Misinformation Is Toxic
Misinformation has effectively upstaged truth and facts in our current news. It is especially prevalent in the political coverage we consume. We’ve grown accustomed to taunts and claims, competing forces, regarding fake news. Such coverage, I must admit, is tedious, even exhausting at times. Rather than being better informed, we are dissuaded from pursuing our own curiosity. The news makes us anxious and we either turn the news off or limit our exposure.
Misinformation is a toxin poisoning our perceptions as our sense of reality becomes negatively skewed.
The Misinformation Age
Cailin O’Connor and James Owen Weatherall addressed how false beliefs spread in their book, “The Misinformation Age.”
George Musser, contributing editor for Scientific Americanand Nautilusmagazines, notes in his recommendation of the book:
An important book for an era of weaponized information. False beliefs aren’t due to stupidity or cognitive biases, but to the trust that all of us necessarily place in others. It has to be tackled at the systems level and the authors offer some provocative ideas for how.
Misinformation Is Not New
The authors quickly point out that misinformation is not really a new phenomena. It’s been with us throughout history, spoiling opportunities for advancement in myriad ways. People have died for their insight and nations have suffered mightily under the burden of simply being ill informed.
Misinformation Spreads False Beliefs
O’Connor and Weatherall reveal, in a well-researched and scientific manner, how ideas (truth or falsehoods) are propagated in our midst with little basis on fact. Truth is often ignored, mangled, ridiculed, dismissed, obscured, and even hidden. Money pays for false reporting and people are persuaded to espouse falsehoods for personal gain.
Yet we are shocked when we find we’ve been duped. We strive to reconstruct our paradigms that make sense of our world.
Misinformation Attacks The Truth
Truth is under siege more boldly than what we’ve experienced before. Glenn Kessler of The Washington Posttells us of: A year of unprecedented deception: Trump averaged 15 false claims a day in 2018. Such deception becomes standard fare from our current president.
Sadly, too, such toxic rhetoric becomes echoed by other news outlets and then countered by emphasizing consequences that often distract us from central issues. Such dysfunctional leadership should not give license for hyperbolic and condescending responses that further distort the issues. Both reactions distract from the truths of the day further feeding the misinformation burden.
Incredibly, as O’Connor and Weatherall point out, we tend to trust people rather than facts. We consider their credibility and our relationship to them. Money and power play a part. We seldom satisfy our curiosity by employing critical thinking and evaluating the facts.
Electing Presidents Fairly
This blog strives to bring attention and focus to one of the great social justice concerns of our nation: electing a president. Consider how much of our nation’s governance, and the consequences that governance imposes or allows, is affected by the presidency. We must take the selection process seriously and we must do it as well as we can.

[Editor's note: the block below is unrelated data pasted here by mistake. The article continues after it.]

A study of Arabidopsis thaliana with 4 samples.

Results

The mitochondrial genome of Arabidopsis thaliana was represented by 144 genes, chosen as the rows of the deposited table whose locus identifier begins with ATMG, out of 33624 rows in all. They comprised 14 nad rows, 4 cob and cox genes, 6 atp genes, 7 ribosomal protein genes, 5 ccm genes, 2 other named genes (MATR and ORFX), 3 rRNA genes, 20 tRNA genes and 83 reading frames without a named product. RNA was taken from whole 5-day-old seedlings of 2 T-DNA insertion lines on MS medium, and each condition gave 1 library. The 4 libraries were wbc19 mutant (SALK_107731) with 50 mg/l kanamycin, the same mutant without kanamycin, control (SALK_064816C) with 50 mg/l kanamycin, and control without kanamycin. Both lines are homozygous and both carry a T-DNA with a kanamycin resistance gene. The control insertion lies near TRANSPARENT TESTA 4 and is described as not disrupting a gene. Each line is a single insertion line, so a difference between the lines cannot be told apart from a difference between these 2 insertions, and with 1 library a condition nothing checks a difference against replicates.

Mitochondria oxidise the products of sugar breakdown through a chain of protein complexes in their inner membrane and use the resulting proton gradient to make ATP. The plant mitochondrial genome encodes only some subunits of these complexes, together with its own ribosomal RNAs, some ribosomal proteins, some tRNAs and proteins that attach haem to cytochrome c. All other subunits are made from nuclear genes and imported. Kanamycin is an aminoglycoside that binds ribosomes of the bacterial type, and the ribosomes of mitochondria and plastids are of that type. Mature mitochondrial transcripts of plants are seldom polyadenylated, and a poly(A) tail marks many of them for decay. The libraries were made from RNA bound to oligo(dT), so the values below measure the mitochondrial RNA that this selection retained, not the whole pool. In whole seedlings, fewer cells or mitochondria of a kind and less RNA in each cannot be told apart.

The mechanism we use must be fair. It must include every voter. That means that every vote must be counted and every viable vote be represented in the results. The mechanism must encourage voter engagement. It must also make every state matter, recognizing that our nation is a republic. Neither our current system, employing the winner-takes-all approach, nor the National Popular Vote idea can rise to meet this standard.
Equal Voice Voting (EVV) adheres to these principles. It is not established to be politically partisan or to favor any political sentiment other than to ensure every voting citizen plays a part.
EVV Passes The Truth Test
Some say, however, that the idea is hard to comprehend (see The Equal Voice Voting formula). Others confuse the issue by including other concerns and do not realize EVV is only focused on presidential elections – not congressional elections, not gerrymandering, and not political financing.
Understandably, EVV can be daunting for it includes numbers and statistics. Many stop listening when such hurdles are presented. Yet, these numbers reveal much truth and tell many stories we need to realize. We must, however, set our reluctance aside and consider this election option.
O’Connor and Weatherall advise us that:
…when trying to solve a problem in which the evidence is probabilistic or statistical, it is essential to have a complete and unbiased sample. Focusing on only part of the available evidence is a good way to reach the wrong belief.
This is precisely why my book (see Making All Votes Count!) includes the analysis of 15 presidential elections spanning years from 1960 to 2016, more than half a century. One data point will not suffice. Even two or three election examples cannot encompass the concerns that need to be considered.
The analysis also included comparisons of what occurred in the presidential elections for every state as well as what could have happened if EVV had been used instead. These numbers are truth – our collective truth from our recent history. (Click here to see the first three chapters for free.)
Share The EVV Truth And Make A Difference
Misinformation may currently be in vogue in a very public manner. Especially at this time in our country’s political landscape, I urge you to be practical, fair, and smart. Consider all of the available facts – yes, even the numbers. Engage your critical thinking. Try not to be dissuaded with alternative facts that ignore (or hide) consequences dangerous for our future.
Share the truth of Equal Voice Voting, and this blog, with those you care about and those you trust and respect. Let’s make every vote count. In two years it may make a very significant difference!